There’s no denying that trees and large shrubs are the fastest way to update a landscape or add drama to a new property. They add visual interest; they help lower home temperatures by providing shade, invite and shelter wildlife, and increase property value.
While the benefits of adding trees to your landscaping far outweigh away the bad, it’s important to remember that a larger plant means larger roots. One common mistake that homeowners make is planting large trees or shrubs near a poured concrete walkway. The problem for the tree is that poured concrete isn’t porous, so it decreases the water that it able to reach the roots. The problem for the walkway begins when the roots grow large and start lifting the concrete slab. This unsightly and dangerous repercussion is referred to as “concrete conflict” and the sidewalk will eventually crack under the strain.
Pavers not only look better, they perform better too. Because pavers are designed to be laid independently they are able to adjust to a changing ground base without cracking. Lifted pavers can be reset without disturbing the entire walkway. So while they may still lift when a tree’s roots outgrow the intended space, correcting the problem won’t entail demolishing and re-pouring a large portion of the project.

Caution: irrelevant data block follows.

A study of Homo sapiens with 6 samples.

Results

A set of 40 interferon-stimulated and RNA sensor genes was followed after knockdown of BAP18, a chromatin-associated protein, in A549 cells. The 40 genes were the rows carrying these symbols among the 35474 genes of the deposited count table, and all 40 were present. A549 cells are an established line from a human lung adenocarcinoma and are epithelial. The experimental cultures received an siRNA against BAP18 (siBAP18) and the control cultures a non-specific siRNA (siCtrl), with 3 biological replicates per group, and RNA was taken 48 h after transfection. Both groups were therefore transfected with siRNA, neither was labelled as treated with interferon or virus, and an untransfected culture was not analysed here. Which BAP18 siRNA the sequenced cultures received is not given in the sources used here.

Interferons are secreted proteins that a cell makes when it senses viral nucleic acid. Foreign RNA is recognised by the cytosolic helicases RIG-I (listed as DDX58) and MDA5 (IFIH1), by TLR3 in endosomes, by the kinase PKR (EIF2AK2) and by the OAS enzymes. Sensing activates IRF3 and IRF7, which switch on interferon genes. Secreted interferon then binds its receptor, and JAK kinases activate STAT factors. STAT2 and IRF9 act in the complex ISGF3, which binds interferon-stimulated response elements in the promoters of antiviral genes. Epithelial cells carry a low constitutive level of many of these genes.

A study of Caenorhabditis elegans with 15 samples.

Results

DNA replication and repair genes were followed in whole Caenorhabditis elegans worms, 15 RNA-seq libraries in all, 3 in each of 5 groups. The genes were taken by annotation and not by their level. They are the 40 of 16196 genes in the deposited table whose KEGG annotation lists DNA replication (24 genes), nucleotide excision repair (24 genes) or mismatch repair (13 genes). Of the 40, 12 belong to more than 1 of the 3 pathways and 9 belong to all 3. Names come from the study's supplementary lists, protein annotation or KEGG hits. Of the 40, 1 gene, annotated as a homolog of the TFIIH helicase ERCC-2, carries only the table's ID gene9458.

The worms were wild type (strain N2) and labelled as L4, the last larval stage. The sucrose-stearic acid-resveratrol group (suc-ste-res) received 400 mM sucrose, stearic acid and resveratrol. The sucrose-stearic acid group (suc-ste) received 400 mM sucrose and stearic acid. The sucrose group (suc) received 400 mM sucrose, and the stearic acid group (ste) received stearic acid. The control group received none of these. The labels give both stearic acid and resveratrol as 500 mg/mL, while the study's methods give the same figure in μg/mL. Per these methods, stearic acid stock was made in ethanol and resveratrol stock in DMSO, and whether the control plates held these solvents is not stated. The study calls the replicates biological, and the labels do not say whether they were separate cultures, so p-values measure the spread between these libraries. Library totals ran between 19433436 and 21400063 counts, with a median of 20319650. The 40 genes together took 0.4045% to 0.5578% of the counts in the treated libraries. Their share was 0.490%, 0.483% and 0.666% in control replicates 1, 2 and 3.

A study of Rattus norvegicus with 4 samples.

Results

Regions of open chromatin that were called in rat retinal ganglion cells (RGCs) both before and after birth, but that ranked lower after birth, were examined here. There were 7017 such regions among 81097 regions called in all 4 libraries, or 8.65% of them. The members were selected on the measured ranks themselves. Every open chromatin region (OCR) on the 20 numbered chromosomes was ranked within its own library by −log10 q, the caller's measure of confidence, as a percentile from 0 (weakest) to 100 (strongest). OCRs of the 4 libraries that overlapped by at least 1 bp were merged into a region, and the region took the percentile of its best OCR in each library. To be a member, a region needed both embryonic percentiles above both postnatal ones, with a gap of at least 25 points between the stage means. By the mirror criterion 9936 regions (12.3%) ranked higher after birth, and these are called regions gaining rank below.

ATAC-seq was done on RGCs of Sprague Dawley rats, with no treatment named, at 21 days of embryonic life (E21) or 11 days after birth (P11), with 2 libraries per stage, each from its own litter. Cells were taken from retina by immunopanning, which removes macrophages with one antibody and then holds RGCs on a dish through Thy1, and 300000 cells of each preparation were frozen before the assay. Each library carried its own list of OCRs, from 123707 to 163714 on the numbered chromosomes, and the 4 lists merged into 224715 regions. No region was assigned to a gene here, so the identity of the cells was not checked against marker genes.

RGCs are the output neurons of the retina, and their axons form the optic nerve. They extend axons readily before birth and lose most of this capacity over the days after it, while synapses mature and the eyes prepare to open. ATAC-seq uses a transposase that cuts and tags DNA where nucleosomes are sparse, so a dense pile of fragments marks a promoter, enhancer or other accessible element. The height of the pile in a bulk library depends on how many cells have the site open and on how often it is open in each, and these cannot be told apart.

Consider using Eco-pavers if your landscaping plants need to be well watered. Eco-friendly pavers are designed to be installed with larger joints space. The larger space between the pavers allows water to penetrate the ground and reach the plants roots. The pavers will slow evaporation and conserve water.
Keep your distance
When planting a tree you should always know how tall you can expect it to grow. Generally, you’ll want to plant a tree that grows up to 30 feet tall at least 3 to 4 feet from sidewalks or pathways. Trees that grow 30 to 50 feet tall should be planted at least 5 to 6 feet from sidewalks. Trees over 50 feet tall should be planted at least 8 feet from path.
It may be tempting to plant larger plants to fill the space quickly and have a show-ready landscape. The downfall in doing this is that if the plants you choose are not at their maximum size, the bed will quickly become overcrowded and your plants will be deprived of life sustaining sun and water.
Be sure to review these aspects with your landscaping designer and/or hardscaping contractor when you’re in the planning phase; changing your plans or material while under contract could cost you both time and money.